Lisa Eekhoff| April 16, 2019

This past fall, two fifth-grade girls came to Dr. Stoner with a proposition.  They even had a petition signed by their classmates.  What they were asking for was time built into their school day for rest, a break from the academic subjects, moments dedicated to simply reading, drawing, or other quiet activities.

Though we are not going to be adding a nap time into the fifth-grade schedule anytime soon, these girls had actually hit upon something that is deeply classical in nature.

Schole is the Greek word from which we derive the word school. It means leisure, uninterrupted time to contemplate the most worthy things.”

And that is the idea of schole.  Schole is the Greek word from which we derive the word school.  It means leisure, uninterrupted time to contemplate the most worthy things.

This petition sparked an idea that has been eagerly embraced by our faculty and administration. We are calling it our Great Works Initiative.

The Great Works Initiative

The purpose of the Great Works initiative is threefold. We seek to provide intentional opportunities for our students to

  • encounter great works of literature, art, and music
  • appreciate and collect moments of true beauty
  • and develop habits of leisure and schole that nurture the soul.

 

This new initiative serves as an extension of our classical model, encouraging students to seek out and discover the good, true, and beautiful in their lives outside of the classroom.  We hope to build in our students a robust cultural literacy that will undergird not only their educational careers but their lifelong journey of learning.

Immersed in Great Works

Over the coming months, we will be working to create comprehensive lists at each grade level of the classic literature that we believe every child should read.  But we want to expand our horizons beyond just books.  We will also include important pieces of art, music, and even film that integrate into our curriculum at each level.  It is our hope that this list will be helpful to you as parents and serve as a guidepost each time you go to the library or visit the art museum.  It will become one more piece of our partnership with you in the education of your children.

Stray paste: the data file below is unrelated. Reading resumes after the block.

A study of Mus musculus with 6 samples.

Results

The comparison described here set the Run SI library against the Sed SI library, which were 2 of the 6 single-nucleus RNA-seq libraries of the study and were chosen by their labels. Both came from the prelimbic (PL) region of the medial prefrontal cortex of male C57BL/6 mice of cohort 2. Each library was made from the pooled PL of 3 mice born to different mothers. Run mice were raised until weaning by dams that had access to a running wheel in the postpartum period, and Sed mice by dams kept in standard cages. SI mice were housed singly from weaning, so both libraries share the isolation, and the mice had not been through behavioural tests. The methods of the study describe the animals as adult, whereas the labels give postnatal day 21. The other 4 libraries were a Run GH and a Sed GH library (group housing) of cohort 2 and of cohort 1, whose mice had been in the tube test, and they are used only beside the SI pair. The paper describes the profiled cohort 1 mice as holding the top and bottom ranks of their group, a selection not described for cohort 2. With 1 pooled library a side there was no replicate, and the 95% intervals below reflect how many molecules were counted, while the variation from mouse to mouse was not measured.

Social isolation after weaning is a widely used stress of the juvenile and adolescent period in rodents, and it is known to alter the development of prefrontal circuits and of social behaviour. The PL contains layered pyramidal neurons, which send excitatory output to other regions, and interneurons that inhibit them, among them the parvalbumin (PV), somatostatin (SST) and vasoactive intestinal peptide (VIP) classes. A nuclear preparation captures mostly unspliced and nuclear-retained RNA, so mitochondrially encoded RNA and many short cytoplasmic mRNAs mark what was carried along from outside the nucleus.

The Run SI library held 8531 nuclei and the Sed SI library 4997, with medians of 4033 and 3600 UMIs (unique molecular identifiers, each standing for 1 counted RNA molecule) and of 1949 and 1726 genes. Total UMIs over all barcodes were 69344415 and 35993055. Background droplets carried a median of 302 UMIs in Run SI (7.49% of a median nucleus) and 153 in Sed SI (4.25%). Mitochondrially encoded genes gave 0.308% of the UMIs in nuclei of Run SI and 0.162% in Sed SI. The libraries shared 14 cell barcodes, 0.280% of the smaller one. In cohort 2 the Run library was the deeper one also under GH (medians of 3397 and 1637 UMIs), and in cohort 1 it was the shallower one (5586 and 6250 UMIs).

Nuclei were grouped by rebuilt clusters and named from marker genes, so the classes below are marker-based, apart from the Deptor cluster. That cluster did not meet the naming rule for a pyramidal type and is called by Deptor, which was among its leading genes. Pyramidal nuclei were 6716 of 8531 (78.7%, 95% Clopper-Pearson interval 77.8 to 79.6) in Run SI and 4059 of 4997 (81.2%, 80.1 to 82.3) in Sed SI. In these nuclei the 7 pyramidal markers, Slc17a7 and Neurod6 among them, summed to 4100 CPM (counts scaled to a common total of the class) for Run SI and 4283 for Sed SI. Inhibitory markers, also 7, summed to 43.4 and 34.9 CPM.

We will also make these works available to your children here at school, stocking our classroom libraries with important books and providing teachers with access to art and music that can be integrated more fully into the school day.

The Practice of Commonplacing

Additionally, we will be introducing a practice called commonplacing.  This is a discipline that has been used by men and women throughout history, from Marcus Aurelius to Mark Twain.  Simply put, it is the act of collecting beauty.

“We seek to stand against the trend of busyness and hectic pacing so prevalent in our lives today and teach our students how to practice true rest, reflection, and contemplation.”

A commonplace journal is a special book in which to record the true, good, and beautiful quotes that one hears or reads. We will be providing a commonplace journal to each child who enters Covenant, which will travel with them throughout their years with us.  This journal becomes a beautiful record of a child’s growth and development, as they record the truths and bits of wisdom that have impacted them.

The process of intentionally searching out the true, good, and beautiful is a wonderful way to cultivate a child’s taste for these things.  We want to give our students such good books to read and mull over that they are entirely ruined for reading anything but. We want a good book in the hands of every child.

Moments of Schole

The final piece of this initiative is the devotion of time in our school week to schole. These moments of rest will take various forms, such as time to read for pleasure, contemplate a beautiful piece of art, or record quotes in our commonplace journals.  In so doing, we seek to stand against the trend of busyness and hectic pacing so prevalent in our lives today and teach our students how to practice true rest, reflection, and contemplation.

About the Author: Lisa Eekhoff is the principal at Covenant Classical School.